ENVS 2200 Chapter 6: ENVS 2200 – Analysis # 3.docx

Environmental Studies
Course Code
ENVS 2200
Roger Keil

Article: Using Toronto to Explore Three Suburban Stereotypes and Vice Versa by Richard
This week our main focus is an article written by Richard Harris and his take on
common suburban stereotypes that are conceived by most people. Although Harris talks
about his mains ideas pertaining to his three suburban stereotypes, I will mainly focus on
what was happening in Toronto during the 1960’s and the idea of “gentrification”. To
start off, redevelopment of many areas of Toronto were much more common in the
1960’s and Toronto experienced a lot of building and development in this decade than
any other decade. In the 1960’s, Toronto was reshaping current environments into
suburban landscapes in which houses, parks, schools, small businesses were the main
infrastructures that you would see in the suburbs.
Gentrification is the idea that many areas in the environment increase in value as
many wealthy people starting moving in and occupying that area. Small businesses start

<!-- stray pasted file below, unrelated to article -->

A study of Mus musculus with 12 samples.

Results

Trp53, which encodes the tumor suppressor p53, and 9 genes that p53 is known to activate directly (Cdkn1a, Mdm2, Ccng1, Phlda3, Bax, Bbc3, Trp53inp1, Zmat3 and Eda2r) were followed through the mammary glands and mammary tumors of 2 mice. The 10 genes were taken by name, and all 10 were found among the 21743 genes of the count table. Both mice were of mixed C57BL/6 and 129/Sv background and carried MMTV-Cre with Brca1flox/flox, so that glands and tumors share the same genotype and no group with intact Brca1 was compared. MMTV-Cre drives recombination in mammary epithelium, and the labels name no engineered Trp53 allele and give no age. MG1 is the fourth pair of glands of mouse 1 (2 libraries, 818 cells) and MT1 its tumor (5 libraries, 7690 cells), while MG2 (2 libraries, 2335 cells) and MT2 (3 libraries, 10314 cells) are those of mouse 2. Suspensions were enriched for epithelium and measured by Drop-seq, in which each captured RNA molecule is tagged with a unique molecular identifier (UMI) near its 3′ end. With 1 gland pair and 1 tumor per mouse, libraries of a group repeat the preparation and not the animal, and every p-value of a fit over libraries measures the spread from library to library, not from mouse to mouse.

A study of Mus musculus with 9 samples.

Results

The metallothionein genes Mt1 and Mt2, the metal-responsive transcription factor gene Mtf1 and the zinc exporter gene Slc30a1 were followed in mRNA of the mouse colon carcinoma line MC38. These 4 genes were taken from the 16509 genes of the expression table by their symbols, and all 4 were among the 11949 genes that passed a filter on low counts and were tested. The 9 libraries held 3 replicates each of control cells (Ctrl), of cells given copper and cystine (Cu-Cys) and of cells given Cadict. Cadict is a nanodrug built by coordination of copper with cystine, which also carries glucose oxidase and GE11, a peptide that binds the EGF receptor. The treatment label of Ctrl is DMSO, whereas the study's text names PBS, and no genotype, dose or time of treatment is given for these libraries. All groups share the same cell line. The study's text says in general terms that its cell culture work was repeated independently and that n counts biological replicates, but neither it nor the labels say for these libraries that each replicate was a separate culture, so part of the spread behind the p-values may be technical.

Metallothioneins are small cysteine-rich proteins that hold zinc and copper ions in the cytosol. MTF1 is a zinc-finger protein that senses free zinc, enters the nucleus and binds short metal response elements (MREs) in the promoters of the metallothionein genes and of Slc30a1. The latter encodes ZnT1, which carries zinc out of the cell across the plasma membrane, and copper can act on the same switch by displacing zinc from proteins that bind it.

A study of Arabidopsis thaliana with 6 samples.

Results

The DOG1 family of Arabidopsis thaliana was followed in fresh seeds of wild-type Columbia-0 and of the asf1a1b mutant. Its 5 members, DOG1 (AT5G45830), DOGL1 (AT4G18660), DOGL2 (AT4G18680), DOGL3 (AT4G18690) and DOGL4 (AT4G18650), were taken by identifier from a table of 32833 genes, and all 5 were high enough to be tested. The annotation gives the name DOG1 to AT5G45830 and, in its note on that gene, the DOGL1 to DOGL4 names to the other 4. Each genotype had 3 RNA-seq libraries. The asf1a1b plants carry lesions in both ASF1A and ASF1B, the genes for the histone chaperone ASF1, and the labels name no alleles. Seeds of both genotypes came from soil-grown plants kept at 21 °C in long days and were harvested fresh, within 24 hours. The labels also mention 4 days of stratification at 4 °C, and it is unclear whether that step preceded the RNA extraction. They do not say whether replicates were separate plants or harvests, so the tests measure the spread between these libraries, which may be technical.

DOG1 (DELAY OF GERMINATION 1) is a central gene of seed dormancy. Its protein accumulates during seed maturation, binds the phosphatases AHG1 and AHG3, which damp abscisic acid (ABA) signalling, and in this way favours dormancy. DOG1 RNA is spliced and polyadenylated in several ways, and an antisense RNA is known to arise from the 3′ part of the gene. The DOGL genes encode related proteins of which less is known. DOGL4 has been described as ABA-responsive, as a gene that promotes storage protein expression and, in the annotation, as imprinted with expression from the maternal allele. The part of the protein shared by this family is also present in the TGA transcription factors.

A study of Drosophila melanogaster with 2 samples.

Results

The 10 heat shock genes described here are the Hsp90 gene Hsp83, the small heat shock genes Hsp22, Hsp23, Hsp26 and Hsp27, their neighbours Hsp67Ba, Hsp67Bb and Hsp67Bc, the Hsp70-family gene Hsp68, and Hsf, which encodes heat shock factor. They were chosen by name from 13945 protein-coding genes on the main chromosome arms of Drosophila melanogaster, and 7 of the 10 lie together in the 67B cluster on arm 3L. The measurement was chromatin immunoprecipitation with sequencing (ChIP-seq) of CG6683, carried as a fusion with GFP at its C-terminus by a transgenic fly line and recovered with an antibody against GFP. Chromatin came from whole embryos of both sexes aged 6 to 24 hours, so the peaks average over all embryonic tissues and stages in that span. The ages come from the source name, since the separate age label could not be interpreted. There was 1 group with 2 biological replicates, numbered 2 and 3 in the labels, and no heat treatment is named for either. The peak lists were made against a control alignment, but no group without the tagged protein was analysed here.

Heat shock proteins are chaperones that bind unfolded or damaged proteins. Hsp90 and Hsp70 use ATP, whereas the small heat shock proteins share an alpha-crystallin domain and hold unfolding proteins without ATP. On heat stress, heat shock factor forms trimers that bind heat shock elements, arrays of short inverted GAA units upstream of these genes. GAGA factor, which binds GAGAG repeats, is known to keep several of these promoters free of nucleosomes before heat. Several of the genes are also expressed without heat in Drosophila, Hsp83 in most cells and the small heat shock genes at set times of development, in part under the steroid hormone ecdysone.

up because people can afford to run businesses and it becomes a more common thing as
more wealthy people start occupying the same area, and this is evident in Toronto as there
are middle-class areas in some regions while there are a few wealthy neighborhoods
around at the same time. Around the areas that are occupied by wealthy residents, there
are also a number of successful small businesses. But is this a natural process? Well,
people were able to move freely wherever they want, but as soon as wealth people started
occupying a particular area, it becomes hard for middle-class/lower-class people to move
into those areas since property value increased and this basically created the divide
between the different classes of people. At what point do we consider the divide between
the city and the suburbs? In Toronto we see many neighborhoods that are structured
around the busy streets of Toronto and Harris considers this in his article, as well as the
three suburban stereotypes pertaining to the city of Toronto.